We’ve been having an interesting debate on freedom of speech and “hate speech” recently, with many of you weighing in with your thoughts. We had one comment from Marinko, however, who criticised the way the debate was framed:
Why do you propose the banning of [extreme] right wing parties, and not [extreme] left wing parties and communists? … Let’s debate about the banning of [extreme] left-wing parties! Or about extreme parties in general (left and right together)!
We should point out that Debating Europe doesn’t propose the banning of any political parties; we were discussing a suggestion by Spanish MEP Juan Fernando López Aguilar that European national governments should pass stronger laws against hate speech. In fact, there are already laws against hate speech in many European countries, including the UK, France and Poland.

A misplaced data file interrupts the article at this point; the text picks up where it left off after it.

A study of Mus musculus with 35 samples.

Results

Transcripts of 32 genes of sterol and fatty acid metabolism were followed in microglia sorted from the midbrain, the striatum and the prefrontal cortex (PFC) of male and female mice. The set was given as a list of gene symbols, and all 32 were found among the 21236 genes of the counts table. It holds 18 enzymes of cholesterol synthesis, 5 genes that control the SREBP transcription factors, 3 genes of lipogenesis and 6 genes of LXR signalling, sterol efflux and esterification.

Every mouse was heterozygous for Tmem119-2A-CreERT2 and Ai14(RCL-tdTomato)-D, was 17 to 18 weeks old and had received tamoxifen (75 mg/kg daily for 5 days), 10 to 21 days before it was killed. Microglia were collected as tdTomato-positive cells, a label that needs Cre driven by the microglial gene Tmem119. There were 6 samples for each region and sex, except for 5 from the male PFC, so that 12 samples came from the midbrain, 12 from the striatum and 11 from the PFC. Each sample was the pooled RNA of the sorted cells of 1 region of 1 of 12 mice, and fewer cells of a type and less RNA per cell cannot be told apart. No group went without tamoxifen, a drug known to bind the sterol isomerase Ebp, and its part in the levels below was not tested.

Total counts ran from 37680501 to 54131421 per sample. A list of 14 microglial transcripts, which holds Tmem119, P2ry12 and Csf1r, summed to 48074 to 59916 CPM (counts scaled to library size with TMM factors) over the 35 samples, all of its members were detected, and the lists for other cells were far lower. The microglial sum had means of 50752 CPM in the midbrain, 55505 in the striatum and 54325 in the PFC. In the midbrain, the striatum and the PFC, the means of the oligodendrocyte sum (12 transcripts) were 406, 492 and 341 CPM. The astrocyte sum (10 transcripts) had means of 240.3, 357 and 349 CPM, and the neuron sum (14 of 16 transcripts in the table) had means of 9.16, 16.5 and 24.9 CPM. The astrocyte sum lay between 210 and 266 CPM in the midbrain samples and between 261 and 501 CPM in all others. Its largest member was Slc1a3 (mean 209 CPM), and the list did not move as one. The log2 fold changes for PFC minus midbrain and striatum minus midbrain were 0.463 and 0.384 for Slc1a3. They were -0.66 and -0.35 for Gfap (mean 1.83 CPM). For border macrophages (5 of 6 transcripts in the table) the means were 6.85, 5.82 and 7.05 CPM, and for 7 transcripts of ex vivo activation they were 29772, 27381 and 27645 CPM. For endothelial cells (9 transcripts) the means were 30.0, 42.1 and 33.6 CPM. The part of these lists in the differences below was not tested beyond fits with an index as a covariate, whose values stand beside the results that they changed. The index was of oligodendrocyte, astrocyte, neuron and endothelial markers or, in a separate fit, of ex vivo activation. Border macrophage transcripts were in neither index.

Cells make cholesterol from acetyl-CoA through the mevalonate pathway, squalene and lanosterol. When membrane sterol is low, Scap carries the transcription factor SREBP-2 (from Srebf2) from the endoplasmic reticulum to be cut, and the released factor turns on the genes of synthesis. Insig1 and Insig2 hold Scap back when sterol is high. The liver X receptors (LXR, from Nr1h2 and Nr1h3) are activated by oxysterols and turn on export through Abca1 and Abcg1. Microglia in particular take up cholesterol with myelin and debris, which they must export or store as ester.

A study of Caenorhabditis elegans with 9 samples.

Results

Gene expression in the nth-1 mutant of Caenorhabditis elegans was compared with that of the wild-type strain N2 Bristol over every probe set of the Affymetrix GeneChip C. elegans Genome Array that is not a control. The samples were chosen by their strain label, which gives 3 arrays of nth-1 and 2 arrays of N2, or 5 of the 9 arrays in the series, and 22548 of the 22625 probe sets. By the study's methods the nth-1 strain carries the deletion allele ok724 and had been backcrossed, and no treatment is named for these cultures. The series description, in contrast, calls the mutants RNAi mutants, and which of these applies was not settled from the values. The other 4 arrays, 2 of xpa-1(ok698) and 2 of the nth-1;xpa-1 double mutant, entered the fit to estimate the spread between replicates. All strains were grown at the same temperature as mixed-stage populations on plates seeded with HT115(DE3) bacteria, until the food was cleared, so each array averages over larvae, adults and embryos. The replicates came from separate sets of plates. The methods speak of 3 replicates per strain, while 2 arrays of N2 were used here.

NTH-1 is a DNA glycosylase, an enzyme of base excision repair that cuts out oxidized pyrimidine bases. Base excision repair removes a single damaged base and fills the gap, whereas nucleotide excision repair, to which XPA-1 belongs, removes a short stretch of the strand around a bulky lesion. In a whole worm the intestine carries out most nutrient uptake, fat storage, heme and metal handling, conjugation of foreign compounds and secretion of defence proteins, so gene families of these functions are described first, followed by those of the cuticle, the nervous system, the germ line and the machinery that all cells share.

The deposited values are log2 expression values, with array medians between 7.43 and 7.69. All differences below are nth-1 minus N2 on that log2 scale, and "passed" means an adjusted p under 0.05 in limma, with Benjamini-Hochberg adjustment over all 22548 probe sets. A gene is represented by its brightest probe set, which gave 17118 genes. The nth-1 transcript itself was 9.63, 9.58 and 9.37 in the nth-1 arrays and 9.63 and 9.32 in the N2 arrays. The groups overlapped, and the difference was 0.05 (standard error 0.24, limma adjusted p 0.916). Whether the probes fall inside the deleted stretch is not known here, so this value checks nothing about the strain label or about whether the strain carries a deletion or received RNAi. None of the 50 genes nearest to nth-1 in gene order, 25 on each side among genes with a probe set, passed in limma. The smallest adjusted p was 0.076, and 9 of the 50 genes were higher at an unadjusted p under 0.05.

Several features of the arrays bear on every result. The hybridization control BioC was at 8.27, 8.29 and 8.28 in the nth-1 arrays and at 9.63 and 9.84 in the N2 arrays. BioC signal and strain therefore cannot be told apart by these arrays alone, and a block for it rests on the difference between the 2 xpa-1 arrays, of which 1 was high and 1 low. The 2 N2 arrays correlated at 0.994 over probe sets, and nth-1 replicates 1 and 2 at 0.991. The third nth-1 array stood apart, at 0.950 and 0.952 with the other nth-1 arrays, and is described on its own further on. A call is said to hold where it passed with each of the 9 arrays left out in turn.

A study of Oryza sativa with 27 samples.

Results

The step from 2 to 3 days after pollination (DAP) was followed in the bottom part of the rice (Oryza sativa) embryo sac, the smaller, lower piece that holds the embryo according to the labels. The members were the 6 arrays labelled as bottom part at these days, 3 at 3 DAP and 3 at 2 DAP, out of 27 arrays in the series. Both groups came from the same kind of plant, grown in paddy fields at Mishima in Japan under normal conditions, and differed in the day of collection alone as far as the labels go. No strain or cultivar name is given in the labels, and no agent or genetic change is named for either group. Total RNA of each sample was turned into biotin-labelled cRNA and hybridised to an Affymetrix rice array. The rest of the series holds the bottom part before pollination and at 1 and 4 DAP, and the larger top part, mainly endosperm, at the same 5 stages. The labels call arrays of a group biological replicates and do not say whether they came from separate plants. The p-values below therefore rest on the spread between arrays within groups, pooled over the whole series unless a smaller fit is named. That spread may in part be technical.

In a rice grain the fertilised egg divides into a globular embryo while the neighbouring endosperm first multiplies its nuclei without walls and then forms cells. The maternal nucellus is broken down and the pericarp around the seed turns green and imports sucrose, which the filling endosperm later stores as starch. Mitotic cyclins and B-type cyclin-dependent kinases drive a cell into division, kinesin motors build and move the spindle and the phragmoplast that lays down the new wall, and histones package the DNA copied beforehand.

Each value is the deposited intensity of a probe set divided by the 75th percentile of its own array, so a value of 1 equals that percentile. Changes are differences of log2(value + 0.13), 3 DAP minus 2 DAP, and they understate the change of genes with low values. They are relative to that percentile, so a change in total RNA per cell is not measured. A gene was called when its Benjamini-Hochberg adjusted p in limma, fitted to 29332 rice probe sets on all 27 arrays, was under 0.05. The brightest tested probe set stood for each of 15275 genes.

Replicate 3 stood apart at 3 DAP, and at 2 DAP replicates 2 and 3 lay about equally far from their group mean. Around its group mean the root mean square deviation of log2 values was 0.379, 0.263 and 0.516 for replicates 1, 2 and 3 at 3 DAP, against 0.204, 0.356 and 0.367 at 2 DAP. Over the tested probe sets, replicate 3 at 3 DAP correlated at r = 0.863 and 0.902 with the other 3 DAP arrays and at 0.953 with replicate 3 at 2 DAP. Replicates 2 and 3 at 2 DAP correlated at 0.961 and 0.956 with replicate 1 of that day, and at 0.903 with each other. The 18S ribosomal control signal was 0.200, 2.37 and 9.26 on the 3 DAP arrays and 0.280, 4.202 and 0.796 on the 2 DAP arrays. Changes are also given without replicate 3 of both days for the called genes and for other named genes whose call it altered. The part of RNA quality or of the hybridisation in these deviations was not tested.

However, it happens that Debating Europe is partnered with the World Schools Debating Tournament, which held its grand final yesterday in Romania. One of the motions they have been debating during their competition is: “This house believes that denial of crimes of communist regimes should be illegal.”
Again, this question touches upon issues of freedom of speech. Currently, it is illegal to deny the crimes of Nazism in many countries in Europe (including Germany, Austria, Belgium and Romania), whilst other countries (such as France, Luxembourg and Portugal) have made it illegal to deny the existence of any “crimes against humanity”. And a few countries (including the Czech Republic, Lithuania, Hungary and Poland) have explicitly made it illegal to deny the crimes of communist regimes. Should other European countries adopt such laws?